The Democratic People’s Republic of Korea is probably one of the most fascinating places on Earth, mostly because we know so little about what really goes on over there. What we do know is only what they want to show us.
I’ve come across these rare archives of retro postcards and what looks like tourist brochures from the “People’s Paradise”, thanks to Christopher Graper who works with one the few tour companies in the world that take tourists into North Korea. As tour leader and Canadian rep for Koryo tours since 2008, over time Christopher has curated his personal project Retro DPRK, a collection of artifacts from an era when virtually no foreigners were allowed entry to North Korea except for communist allies. Uncovering distant memories from before the collapse of the USSR and scattered tourist snapshots, Retro DPRK endeavors to capture the lost memories of the DPRK — Souvenirs of the “People’s Paradise”.
You can be sure the only kids allowed to go camping in North Korea were the children of the USSR and other communist allies.
I personally have a weird and pretty strong desire to go and check out North Korea myself one day, so I got to poking around this Koryo Tours website and found a few sections of the FAQ section rather interesting…
Can we go anywhere we want?
There are many restrictions on the movements of foreign visitors to DPRK. You basically have to be accompanied wherever you go (apart from if you just have a stroll around near the hotel) and much of the country is off limits even to NGOs and diplomats.
Can I take pictures/video?
There are many restriction on photography that have to be obeyed in DPRK, however you can take pictures of most things and everyone who visits always takes many more pictures than they think they will (extra digital memory cards and sticks are NOT available in DPRK so be sure to take plenty of those). The Koreans do not examine your film or force you to develop the films you have taken (although the customs officials at Sinuiju may ask to see your pictures). Video cameras are generally prohibited but can be taken on some occasions, again restrictions as to their use do apply but nothing that prevents the trip to DPRK being accurately recorded in film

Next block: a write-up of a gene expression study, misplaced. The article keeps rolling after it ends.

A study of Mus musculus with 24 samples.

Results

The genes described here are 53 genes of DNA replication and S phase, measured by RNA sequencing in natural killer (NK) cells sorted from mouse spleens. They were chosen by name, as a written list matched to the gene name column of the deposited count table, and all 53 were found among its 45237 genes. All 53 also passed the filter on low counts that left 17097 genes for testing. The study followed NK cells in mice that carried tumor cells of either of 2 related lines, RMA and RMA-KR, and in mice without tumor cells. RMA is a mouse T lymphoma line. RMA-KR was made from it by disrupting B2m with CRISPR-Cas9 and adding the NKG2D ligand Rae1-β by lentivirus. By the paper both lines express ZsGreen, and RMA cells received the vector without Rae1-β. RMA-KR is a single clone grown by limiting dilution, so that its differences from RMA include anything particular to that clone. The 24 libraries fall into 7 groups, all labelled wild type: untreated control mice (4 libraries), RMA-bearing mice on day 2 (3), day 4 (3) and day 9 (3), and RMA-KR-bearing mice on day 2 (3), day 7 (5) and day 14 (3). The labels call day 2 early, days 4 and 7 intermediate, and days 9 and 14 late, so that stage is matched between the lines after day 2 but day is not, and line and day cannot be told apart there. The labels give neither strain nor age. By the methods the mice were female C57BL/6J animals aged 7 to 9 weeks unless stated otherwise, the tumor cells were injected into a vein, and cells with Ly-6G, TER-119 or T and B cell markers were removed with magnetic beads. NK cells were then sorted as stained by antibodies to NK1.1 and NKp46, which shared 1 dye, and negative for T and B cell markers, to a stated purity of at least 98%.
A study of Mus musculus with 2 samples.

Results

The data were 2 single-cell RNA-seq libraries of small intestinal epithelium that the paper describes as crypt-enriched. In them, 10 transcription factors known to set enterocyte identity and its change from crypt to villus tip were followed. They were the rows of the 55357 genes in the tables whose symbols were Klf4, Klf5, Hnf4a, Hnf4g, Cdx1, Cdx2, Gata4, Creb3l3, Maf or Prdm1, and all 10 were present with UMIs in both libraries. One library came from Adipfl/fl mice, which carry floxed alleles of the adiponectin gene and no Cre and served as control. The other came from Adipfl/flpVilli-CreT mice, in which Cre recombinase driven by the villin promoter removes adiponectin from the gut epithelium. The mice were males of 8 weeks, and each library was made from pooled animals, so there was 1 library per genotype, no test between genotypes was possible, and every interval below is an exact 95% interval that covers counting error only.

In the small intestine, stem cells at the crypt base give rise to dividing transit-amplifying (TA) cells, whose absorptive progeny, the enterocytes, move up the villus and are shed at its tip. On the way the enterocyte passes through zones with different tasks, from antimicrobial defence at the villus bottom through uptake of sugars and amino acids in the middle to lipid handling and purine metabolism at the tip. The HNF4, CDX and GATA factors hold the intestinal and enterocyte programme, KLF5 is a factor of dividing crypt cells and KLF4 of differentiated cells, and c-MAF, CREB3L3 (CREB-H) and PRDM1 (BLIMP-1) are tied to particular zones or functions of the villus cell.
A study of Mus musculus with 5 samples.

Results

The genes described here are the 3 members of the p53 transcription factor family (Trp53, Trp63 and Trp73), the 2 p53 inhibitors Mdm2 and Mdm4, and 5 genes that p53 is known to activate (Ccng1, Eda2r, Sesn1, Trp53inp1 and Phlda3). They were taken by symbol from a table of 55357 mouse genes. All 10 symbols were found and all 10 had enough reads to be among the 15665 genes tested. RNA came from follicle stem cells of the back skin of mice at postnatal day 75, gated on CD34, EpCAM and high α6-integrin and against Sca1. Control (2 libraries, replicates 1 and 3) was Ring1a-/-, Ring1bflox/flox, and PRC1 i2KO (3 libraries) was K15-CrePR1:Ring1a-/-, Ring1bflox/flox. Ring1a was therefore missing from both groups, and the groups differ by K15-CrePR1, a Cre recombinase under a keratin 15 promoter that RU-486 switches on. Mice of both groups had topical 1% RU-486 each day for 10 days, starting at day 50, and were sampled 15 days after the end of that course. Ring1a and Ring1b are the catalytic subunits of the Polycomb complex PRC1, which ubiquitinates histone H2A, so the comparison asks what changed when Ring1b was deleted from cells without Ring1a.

Can we talk to local people?
Contact with local people is possible but is difficult for several reasons; the main reason is the language barrier (foreign languages are not widely spoken in DPRK) and other reasons are that the people are generally very wary of foreigners and also are very shy (and careful with drawing attention to themselves). You are free to attempt a dialogue with a local but do not be surprised if they are not interested in talking to you, however it can be very rewarding when you do manage to make some human contact…
What is the food like…and how is the food situation in North Korea?
Although the deepest famine situation has been largely relieved it is far from a culinary land of plenty. However as a visitor and guest in the DPRK you will be well fed with 3 meals a day including meat and fish. The food in DPRK is far from fantastic but is not too bad – some meals are very good and some are just good enough*.
*Just to put things in perspective, a journalist for Vice magazine, Alex Hoban, who managed to get into North Korea remembers a meal he had there “that looked like a braised piece of baby wrist, served up medium rare. Just how I like it. Not sure what the garnish was, but it smelled like tears.” On why the food in North Korea is really so bad, Alex speculates it has something to do with the late leader’s love for cinema. “Kim Jon Il’s masterplan involved diverting considerable amounts of humanitarian aid into making films that used big scary monsters to tell the good Korean people they weren’t hungry, instead of spending all that crystal meth cash on actually feeding them.”
Food for thought.
Your Democratic People’s Republic of Korea adventure starts here! Explore the Koryo Tours website.
If by now you’re still wondering what’s the big deal with these retro postcards and souvenirs, you’re going to need a crash course on North Korea. If you have not seen it already, I’m going to have to insist you set aside under an hour to watch the three-part Vice Guide to North Korea and blow your mind.